Temperatures are expected to approach 30C (86F) on Monday as a heatwave reaches Northern Ireland.
People have been advised to stay out of the sun, despite there being no heat warning in place in the region.
In the Republic of Ireland, a yellow weather warning is in place and red and amber weather alerts for extreme heat have been issued across Great Britain.
The Met Office said Northern Ireland had its hottest day of the year so far on Sunday with 27.7C (81.9F) recorded in Armagh, but that is expected to be exceeded on Monday.
The Met Office said: “Parts of the west around Fermanagh, west Tyrone and south Armagh could be closer to 30C on Monday.”
The highest temperature ever recorded in Northern Ireland was 31.3C (88.3F) in Castlederg in County Tyrone last July.
Dr Brid Farrell, deputy director of public health at the PHA, urged people to stay out of the sun during the warmest hours.
She told the BBC Good Morning Ulster programme: “What we are recommending is that people try to stay in cool areas or else stay cool by drinking plenty of fluids.
“In particular, we would be keen that people avoid being outside between the hours of 11am and 3pm.
“Stay out of the sun, use sunscreen.
“Actually we are in a fortunate position that we are not going to reach the temperatures currently being seen in England, Wales and the south of Scotland.
“Severe temperatures can effect old people and young children more severely so everybody should look out for them.”
Dr Farrell added: “We are going to encounter more extremes of weather, both very hot and very cold in the next couple of decades.
“That is all due to climate change.
“It is something we have to get ready for and be prepared for and know what to do when the temperatures reach very high levels.
“I think for the next 48 hours we should be able to manage and health services will cope but for the future this is going to become a problem.”
Lifeboat and lifeguard services are expected to be busy with families heading to the beach to try to stay cool in the sunshine.
Carl Kennedy from the RNLI told the BBC: “We would expect today to be a pretty busy day for our lifeguards.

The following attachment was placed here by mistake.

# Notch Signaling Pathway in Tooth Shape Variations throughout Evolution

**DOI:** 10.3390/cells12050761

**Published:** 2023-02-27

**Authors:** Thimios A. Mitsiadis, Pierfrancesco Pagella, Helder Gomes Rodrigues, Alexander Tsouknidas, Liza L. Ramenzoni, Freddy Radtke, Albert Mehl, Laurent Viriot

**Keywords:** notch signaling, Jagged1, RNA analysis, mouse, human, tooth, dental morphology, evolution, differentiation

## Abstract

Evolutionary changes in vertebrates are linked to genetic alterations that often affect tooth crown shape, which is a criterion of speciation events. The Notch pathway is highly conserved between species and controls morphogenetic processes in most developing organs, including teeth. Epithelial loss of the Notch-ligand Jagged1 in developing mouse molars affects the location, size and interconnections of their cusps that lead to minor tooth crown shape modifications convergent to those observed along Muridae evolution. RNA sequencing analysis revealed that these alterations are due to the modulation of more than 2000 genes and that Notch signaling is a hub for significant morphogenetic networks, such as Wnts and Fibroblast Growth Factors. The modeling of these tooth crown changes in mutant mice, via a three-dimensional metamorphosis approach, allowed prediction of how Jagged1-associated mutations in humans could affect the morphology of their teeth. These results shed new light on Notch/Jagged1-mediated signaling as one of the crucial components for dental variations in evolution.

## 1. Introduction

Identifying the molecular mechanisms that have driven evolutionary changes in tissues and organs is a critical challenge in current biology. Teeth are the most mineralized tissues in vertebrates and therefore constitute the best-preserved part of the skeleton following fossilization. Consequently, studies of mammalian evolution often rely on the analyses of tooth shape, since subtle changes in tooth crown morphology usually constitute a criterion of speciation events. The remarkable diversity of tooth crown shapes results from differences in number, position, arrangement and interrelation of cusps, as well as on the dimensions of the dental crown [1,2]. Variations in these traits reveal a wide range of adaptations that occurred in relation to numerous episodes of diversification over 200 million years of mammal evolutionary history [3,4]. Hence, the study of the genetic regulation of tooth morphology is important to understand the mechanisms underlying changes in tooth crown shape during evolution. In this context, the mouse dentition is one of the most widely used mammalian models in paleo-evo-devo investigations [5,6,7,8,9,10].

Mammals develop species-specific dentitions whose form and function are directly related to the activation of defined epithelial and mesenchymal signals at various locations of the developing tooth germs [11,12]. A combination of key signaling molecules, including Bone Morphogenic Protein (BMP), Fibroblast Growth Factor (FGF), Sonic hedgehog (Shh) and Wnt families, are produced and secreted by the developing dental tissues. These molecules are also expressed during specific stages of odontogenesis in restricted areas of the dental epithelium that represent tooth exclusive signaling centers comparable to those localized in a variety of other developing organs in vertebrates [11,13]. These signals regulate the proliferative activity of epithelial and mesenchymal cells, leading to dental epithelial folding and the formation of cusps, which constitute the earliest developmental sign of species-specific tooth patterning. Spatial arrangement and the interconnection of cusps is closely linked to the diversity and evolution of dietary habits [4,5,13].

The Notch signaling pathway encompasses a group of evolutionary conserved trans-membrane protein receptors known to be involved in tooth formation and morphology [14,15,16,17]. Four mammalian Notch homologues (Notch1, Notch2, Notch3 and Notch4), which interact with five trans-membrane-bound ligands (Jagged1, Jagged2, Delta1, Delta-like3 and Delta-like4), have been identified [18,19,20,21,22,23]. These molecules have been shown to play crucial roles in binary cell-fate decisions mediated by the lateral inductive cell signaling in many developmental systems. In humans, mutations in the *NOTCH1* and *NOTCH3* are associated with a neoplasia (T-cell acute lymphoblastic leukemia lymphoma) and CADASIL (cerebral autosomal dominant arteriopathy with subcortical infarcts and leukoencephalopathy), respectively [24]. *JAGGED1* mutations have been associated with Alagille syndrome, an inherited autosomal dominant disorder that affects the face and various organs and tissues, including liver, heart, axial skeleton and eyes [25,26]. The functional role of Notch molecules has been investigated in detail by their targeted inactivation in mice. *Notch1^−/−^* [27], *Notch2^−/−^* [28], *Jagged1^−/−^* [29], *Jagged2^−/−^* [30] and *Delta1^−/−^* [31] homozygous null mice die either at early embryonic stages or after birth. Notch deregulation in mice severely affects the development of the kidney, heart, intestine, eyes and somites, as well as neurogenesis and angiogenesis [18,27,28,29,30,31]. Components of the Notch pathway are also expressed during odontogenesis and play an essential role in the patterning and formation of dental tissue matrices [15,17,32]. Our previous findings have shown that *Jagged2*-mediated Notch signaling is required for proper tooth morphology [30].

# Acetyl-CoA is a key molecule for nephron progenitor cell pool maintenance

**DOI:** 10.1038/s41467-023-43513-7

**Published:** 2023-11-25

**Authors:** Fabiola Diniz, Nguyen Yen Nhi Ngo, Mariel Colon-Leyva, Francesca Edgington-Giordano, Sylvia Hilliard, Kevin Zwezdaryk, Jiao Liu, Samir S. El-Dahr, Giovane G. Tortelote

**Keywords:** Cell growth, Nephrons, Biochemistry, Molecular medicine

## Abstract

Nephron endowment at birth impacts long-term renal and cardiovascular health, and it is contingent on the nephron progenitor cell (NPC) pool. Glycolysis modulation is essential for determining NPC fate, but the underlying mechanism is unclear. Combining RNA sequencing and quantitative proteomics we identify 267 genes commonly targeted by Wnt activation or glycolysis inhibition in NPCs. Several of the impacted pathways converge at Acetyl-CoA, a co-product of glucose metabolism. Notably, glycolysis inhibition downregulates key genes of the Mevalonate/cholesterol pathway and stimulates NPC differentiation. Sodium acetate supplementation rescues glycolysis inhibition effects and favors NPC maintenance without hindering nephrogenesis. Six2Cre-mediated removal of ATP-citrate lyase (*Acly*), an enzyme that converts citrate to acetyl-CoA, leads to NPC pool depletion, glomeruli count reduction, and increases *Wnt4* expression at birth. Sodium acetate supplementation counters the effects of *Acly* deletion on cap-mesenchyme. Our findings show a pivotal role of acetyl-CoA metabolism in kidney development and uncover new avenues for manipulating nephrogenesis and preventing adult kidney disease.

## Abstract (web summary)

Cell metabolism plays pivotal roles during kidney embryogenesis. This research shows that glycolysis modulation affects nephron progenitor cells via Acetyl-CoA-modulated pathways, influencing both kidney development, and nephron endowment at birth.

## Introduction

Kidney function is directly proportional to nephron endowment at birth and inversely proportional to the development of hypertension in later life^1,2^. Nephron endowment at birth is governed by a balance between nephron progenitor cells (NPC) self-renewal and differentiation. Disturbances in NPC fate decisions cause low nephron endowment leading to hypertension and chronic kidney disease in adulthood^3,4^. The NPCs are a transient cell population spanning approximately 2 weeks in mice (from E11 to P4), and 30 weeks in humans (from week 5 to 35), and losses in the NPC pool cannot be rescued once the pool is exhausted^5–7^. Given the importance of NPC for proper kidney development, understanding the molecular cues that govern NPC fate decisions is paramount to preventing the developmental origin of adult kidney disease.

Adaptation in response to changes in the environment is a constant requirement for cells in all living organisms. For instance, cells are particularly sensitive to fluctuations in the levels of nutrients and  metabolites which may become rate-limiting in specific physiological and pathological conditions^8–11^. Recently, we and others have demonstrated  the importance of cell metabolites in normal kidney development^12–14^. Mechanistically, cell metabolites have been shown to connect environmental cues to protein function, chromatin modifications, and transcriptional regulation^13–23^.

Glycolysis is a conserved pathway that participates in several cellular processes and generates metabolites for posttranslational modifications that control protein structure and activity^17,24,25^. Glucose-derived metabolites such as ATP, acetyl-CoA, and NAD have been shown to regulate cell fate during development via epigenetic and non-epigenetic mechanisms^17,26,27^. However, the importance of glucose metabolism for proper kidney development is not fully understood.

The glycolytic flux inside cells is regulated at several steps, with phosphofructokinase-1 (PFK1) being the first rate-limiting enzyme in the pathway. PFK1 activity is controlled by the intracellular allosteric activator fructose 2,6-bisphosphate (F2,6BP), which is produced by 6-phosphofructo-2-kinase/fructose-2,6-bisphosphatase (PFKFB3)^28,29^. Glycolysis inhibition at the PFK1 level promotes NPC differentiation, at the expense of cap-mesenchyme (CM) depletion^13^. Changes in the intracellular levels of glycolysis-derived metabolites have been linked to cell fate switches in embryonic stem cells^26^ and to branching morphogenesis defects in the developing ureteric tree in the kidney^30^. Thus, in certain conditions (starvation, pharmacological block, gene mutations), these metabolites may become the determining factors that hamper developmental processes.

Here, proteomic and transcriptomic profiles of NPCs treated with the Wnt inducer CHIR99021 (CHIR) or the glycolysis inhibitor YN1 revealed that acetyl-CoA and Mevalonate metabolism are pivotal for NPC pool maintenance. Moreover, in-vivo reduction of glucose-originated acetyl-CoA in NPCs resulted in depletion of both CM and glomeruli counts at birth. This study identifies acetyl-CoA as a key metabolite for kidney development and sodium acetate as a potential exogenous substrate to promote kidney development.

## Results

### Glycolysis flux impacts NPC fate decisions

“We have got wall to wall sunshine and there will be huge numbers of families coming to be beach today.
“The lifeguard priority is on people in the water, so we will be keeping an eye on people and kids playing around the water.”
On Sunday RNLI lifeboat crew rescued five adults and four children off the Co Antrim coast after their boat hit a submerged object and started taking on water.
The group was taken to Ballycastle Harbour where they were helped by coastguards.
Health services are also expected to be stretched during the heatwave with the public urged to call for an ambulance only in an emergency.
The Northern Ireland Ambulance Service said it expected an increase in the number of less urgent calls it receives through the 999 system.
A spokesperson said: “To help us protect the most vulnerable, we would ask that the public only call if an emergency, but not to hesitate to do so if necessary.”
Animal welfare charity the USPCA has issued a warning to pet owners about the weather conditions.
Colleen Tinnelly, USPCA development manager, said: “It’s crucial that your pet has access to a shaded rest area and has a constant supply of clean and cool water – your pet’s water dish should be refilled regularly with cooler water or ice cubes during the day.
“You can also freeze some treats for your pet to enjoy – such as carrot or apple bites, chopped watermelon and banana, or peanut butter which can be placed inside toys and provides great enrichment for them.
“It can be very tempting to take our dogs out with us on walks or family days out however this can be very dangerous for them.
“One of the most important pieces of advice we can give members of the public is to never leave them in a car.”